Warning: Britsplaining ahead.
Don't be like Chad.
Chad sits near me here in the New York office. We have a TV on a wall nearby that usually shows whatever sport is on, occasionally soccer. I've heard Chad on more than one occasion describe a soccer score as "two-love".
Chad. That's tennis.
The World Cup kicks off Thursday, and if you're an American like Chad, you can be forgiven for not knowing that. Despite the fact that the US hosted the 1994 tournament, has a dominant women's team and is home to a slowly growing professional league with some aging A-list stars, soccer remains a relatively minor sport here, in every sense.
This time, the US didn't even qualify. But, my American friends, that doesn't mean you can't enjoy the World Cup, immerse yourself in it and get excited about jointly hosting the 2026 go-round, with Mexico and Canada (assuming you don't suffer some diplomatic catastrophe with your neighbours by then).
As a humble immigrant, a grateful guest in your amazing country, I'd like to share with you a few things about the sport I call football. (Although, when I was growing up in England in the '80s and '90s and liking football was basically compulsory, "soccer" was quite a common synonym for it, and not the nails-on-chalkboard signifier of ignorance it's become today.)
I should say, if you or your forebears are from Central or South America, this primer isn't for you. You have a vivacious, boisterous, borderline insane football culture of your own and I raise my pint glass to you.
This is for Chad.
First of all, these players are professionals. They play for clubs all over the world, but mostly in Europe, with its superrich leagues. They also play for their country, or at least whatever country they can claim a grandparent from, or where they've lived long enough to qualify. (You might spot some dudes with Brazilian-sounding names playing for places far from South America.)
Football is the easiest sport in the world to understand. Only the keeper ("goalie" is fine too) can use his hands -- that's literally it. You don't even have to understand the offside rule anymore, because there's a video referee to replay it until they get it right. Just remember: each match (not "game") is played on a pitch (not a "field").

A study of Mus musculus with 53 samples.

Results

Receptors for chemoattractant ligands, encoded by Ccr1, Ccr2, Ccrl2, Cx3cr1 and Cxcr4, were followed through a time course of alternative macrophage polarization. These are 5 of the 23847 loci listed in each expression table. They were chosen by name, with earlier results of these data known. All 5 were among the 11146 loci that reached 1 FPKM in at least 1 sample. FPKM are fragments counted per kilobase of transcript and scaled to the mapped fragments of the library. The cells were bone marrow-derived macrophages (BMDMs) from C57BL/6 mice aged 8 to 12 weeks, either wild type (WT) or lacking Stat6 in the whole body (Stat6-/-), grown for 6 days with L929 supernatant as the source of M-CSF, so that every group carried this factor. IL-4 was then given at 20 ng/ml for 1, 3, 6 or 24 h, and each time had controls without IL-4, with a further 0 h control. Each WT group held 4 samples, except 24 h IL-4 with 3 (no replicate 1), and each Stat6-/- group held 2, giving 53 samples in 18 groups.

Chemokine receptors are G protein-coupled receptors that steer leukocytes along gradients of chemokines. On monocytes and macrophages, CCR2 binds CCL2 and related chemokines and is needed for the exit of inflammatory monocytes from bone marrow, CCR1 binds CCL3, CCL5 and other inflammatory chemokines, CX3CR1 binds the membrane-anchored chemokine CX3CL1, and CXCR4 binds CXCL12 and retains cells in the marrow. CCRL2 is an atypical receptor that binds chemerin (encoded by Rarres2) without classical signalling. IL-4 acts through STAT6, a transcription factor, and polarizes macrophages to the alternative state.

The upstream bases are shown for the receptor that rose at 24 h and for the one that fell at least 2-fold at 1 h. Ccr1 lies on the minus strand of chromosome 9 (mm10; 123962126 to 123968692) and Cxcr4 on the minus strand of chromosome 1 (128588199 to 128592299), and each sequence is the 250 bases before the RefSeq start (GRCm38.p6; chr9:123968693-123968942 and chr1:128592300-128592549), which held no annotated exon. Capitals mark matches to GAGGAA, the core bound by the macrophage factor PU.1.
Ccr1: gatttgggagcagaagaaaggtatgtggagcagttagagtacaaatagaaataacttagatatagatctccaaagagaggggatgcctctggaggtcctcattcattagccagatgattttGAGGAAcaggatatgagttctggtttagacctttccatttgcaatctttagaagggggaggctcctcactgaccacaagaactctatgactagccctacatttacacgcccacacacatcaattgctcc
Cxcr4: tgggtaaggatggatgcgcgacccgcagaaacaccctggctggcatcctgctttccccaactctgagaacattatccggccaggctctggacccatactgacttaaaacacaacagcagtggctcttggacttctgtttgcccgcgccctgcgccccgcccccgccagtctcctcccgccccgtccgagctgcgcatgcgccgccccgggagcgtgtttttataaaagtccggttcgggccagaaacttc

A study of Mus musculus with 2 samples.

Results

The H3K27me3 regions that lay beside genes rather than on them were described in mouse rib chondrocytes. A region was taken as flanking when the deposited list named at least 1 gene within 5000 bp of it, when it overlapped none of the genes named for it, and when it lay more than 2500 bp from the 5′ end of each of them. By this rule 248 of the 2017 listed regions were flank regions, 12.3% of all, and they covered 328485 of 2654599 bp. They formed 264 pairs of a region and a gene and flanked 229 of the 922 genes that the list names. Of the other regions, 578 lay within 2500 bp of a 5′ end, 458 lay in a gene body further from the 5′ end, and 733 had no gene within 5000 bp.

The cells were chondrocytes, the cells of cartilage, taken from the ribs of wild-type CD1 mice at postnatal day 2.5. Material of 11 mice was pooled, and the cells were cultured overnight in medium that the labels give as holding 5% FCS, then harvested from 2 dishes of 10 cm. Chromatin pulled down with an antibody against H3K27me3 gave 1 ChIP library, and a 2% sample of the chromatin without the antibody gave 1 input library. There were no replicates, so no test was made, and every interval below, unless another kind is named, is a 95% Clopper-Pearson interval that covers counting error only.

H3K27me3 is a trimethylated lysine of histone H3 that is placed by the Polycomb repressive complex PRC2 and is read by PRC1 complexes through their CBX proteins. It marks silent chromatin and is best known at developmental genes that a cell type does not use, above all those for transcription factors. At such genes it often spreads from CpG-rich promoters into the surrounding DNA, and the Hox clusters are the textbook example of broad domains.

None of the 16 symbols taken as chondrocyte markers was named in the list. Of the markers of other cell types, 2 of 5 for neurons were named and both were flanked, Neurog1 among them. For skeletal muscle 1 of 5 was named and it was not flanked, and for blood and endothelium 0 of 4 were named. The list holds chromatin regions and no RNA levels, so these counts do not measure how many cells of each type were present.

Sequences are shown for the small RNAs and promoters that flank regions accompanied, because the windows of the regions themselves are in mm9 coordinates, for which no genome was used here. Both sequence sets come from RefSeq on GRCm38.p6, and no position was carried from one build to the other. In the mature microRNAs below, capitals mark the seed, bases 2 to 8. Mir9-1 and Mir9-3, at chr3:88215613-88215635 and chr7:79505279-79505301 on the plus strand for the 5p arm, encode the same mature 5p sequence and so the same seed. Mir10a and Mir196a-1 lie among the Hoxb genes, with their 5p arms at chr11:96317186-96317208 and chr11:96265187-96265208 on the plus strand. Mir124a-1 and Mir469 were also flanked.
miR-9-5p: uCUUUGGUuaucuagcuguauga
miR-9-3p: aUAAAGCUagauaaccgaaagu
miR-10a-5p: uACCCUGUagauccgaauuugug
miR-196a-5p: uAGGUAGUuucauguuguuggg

The best way to show your love for the world's favourite sport is to pick a team to support. The Guardian has a really good guide to every single player going to the World Cup, with some phenomenal anecdotes, like how Michy Batshuayi loves Dortmund because they have the same colours as Spongebob.
Just don't say you're from that country if you were born in America. Like, if you're called Nino and you have three cousins called Nino and you're Middle Nino, OK, you can support Italy. (Well, you could if they had qualified. Sorry, Ninos.) That's fine. But you're not Italian.
If you're really keen, buy a shirt (note: not a "jersey"). Just don't go the full John Terry and get a whole kit (note: not a "uniform") unless you're under 11 years old.
If you happen to have a viking helmet hanging around, Iceland are an excellent choice for the uncommitted fan to follow. Icelandic Twitter is hilarious.
My barber Ari is Armenian. Armenia have never qualified for the World Cup (it's tough being a small European country). So he's supporting England, because he watches a lot of English Premier League matches. I apologised. They won't get very far. England are younger, more likable and maybe more talented than they have been in years, but the quarter finals would be an achievement.
That might seem odd to Americans used to Olympic success, but like most of the 32 teams at this enormous tournament, they're just happy to be there. Well, not happy to be *there* -- it's in Russia and they might get racial abuse or some novichok -- but you know, happy to be involved.
That reminds me: Teams are plural. England are going to fail, not England is going to fail. They're a group of individuals, not a monolithic corporate entity like a US sports franchise.
Football is really boring, as The Simpsons told us. This is crucial to its appeal. Forty-five minutes with no ad breaks is tough, but you can do it. Get a beer, make jokes about John Terry, and you're good. It's all about delayed gratification: Those South American GOOOOOOOOOL guys are celebrating something having happened, not just their team winning. When something does happen, you've earned the excitement. Scream, shout -- just don't high five. Hugs are acceptable, if it's an absolute screamer, or at a critical moment.
Yes, it's fast kickin', low scorin' and ties -- but after the group stage, there are no ties! (We call them "draws.") If the scores are even in the knockout stages, it's 30 minutes of even slower football, when the chance of a goal recedes to virtually zero, then the excruciating heartbreak of penalties. You may cry.
Now that's entertainment.
Originally published June 14.
Update, June 15: Clarified that Italy did not qualify for this World Cup. Poor Ninos.
World Cup 2018: How to watch and lots more.
CBS Sports' World Cup: All the latest news and match reports from our sister site. With American spelling.